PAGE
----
Photo/ AP /Pat Wellenbach

FDA has banned trans fats, but does it get to the heart of the problem?

The heart-clogging ingredient, trans fat, has slowly been on the outs in restaurants and grocery stores in the last decade. However, on Thursday, the Food and Drug Administration made the announcement that it is finally beginning to phase out all trans fats, saying they are a threat to people’s health. By making this move, the FDA hopes to prevent 20,000 heart attacks a year and 7,000 deaths.

Trans fats are most often used in processed food and in restaurants to improve texture, shelf life or flavor. They are created when hydrogen is added to vegetable oil to make it more solid, which is why they are often called “partially hydrogenated oils.”

With heart disease being the number one killer among Latinos in the U.S., this is a positive step, because trans fat is widely considered the worst kind for your heart. It’s even worse than saturated fat, which can also contribute to heart disease.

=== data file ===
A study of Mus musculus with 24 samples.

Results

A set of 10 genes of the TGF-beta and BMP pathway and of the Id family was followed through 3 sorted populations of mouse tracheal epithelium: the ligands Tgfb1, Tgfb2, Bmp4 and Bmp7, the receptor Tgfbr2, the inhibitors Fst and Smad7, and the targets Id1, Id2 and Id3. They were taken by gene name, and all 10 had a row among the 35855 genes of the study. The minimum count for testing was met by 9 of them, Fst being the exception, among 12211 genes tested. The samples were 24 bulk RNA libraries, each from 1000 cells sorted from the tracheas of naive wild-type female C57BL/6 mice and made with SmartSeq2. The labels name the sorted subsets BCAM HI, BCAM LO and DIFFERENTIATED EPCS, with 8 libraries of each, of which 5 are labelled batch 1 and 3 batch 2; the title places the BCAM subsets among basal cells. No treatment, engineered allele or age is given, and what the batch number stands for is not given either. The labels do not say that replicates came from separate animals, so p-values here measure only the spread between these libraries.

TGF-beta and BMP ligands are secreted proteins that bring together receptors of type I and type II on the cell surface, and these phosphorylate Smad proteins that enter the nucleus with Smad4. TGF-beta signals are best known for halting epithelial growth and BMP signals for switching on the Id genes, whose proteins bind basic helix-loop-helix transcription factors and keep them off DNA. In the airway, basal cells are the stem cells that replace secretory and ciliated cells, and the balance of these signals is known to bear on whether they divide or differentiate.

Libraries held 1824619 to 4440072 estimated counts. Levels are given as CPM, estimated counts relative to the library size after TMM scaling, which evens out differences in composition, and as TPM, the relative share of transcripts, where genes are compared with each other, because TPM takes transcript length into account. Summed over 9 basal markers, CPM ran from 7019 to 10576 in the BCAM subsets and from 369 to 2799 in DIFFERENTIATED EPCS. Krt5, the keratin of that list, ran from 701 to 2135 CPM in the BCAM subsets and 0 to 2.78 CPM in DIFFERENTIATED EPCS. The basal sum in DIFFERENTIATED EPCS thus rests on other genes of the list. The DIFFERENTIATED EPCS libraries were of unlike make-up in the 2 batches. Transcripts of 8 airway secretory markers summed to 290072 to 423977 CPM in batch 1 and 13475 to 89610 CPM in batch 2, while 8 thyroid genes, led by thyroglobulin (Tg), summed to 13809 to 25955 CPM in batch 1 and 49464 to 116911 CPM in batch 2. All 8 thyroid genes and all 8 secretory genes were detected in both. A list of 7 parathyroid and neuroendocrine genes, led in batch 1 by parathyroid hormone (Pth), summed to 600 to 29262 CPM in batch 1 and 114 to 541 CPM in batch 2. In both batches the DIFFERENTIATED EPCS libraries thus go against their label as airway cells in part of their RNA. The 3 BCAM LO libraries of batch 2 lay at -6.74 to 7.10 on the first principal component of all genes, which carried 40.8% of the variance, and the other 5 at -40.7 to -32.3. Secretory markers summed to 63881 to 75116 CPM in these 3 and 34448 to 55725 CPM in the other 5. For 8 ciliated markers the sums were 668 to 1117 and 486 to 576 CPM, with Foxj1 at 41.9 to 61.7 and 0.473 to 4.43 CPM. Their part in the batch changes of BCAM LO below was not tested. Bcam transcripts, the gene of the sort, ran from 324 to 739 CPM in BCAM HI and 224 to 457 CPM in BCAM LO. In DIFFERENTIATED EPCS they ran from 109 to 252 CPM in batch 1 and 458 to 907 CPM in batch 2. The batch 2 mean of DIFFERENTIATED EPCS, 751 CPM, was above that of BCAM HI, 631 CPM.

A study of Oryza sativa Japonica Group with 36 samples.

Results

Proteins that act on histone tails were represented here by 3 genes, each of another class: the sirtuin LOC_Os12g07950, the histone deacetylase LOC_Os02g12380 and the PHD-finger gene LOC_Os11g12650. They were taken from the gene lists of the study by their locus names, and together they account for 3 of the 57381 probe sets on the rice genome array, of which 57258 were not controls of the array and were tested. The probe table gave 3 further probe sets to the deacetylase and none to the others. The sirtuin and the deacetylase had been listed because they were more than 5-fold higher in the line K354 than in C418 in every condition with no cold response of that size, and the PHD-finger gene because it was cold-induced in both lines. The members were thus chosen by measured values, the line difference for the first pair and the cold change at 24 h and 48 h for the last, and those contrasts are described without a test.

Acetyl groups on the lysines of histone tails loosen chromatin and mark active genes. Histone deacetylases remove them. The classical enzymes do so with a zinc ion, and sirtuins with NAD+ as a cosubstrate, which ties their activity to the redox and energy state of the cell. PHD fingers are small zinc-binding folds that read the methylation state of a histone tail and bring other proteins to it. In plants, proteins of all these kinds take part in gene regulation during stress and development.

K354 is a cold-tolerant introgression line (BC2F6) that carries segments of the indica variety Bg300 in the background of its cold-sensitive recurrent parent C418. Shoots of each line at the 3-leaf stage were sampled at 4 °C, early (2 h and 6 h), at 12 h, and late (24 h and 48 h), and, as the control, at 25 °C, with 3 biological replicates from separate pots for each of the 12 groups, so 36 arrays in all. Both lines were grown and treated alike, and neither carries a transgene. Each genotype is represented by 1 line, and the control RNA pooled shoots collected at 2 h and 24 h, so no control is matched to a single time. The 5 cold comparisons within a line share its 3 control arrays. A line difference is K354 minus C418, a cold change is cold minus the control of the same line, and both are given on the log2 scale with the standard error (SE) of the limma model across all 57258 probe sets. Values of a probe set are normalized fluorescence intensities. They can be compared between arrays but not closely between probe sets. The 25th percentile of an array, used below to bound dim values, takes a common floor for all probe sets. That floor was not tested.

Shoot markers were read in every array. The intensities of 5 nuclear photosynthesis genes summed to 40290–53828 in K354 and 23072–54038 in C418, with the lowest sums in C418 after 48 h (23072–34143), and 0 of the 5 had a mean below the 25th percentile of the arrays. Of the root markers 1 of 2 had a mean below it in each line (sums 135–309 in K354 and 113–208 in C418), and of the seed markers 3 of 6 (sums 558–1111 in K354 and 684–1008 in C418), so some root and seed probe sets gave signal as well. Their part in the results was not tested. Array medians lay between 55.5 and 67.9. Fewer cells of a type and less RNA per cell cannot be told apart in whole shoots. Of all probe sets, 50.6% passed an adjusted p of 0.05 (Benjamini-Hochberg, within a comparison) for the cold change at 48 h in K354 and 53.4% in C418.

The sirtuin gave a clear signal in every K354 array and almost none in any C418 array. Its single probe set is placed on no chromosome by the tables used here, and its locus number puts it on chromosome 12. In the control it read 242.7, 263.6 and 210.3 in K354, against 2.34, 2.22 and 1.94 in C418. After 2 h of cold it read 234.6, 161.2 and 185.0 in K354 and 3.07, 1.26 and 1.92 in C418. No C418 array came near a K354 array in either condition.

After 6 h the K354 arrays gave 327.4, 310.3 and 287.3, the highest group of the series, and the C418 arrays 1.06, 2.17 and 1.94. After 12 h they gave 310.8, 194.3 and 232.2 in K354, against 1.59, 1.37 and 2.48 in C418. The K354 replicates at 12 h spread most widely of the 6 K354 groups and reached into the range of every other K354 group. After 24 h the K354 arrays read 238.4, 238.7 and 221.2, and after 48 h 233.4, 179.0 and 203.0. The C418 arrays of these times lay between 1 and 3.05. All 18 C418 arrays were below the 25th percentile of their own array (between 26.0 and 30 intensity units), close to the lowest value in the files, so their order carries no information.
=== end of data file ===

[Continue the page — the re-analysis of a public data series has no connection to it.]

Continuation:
“The FDA’s announcement will remove a dangerous ingredient from American diets, but it doesn’t get at the heart of the problem,” says Salvador. “The problem is that we subsidize ingredients for junk foods, like many that are derived from soybeans, turning them into cheap ingredients for processed foods _ and it costs us billions every year.”

He adds that we must also be aware of soybean oils, which are a pervasive ingredient in junk foods.

“We would avoid the need for this regulatory action, and save billions of dollars in healthcare costs from treating diet-related diseases, if we reoriented our food system to invest in the production of healthy fruits and vegetables instead of junk foods.”


According the The Associated Press, the advocacy group Center for Science in the Public Interest first petitioned the FDA to ban trans fats nine years ago.

The group’s director, Michael Jacobson, said the move is “one of the most important life saving actions the FDA could take,” but he just hopes it moves quickly.

“Six months or a year should be more than enough time, especially considering that companies have had a decade to figure out what to do,” Jacobson said.

The Associated Press contributed to this report.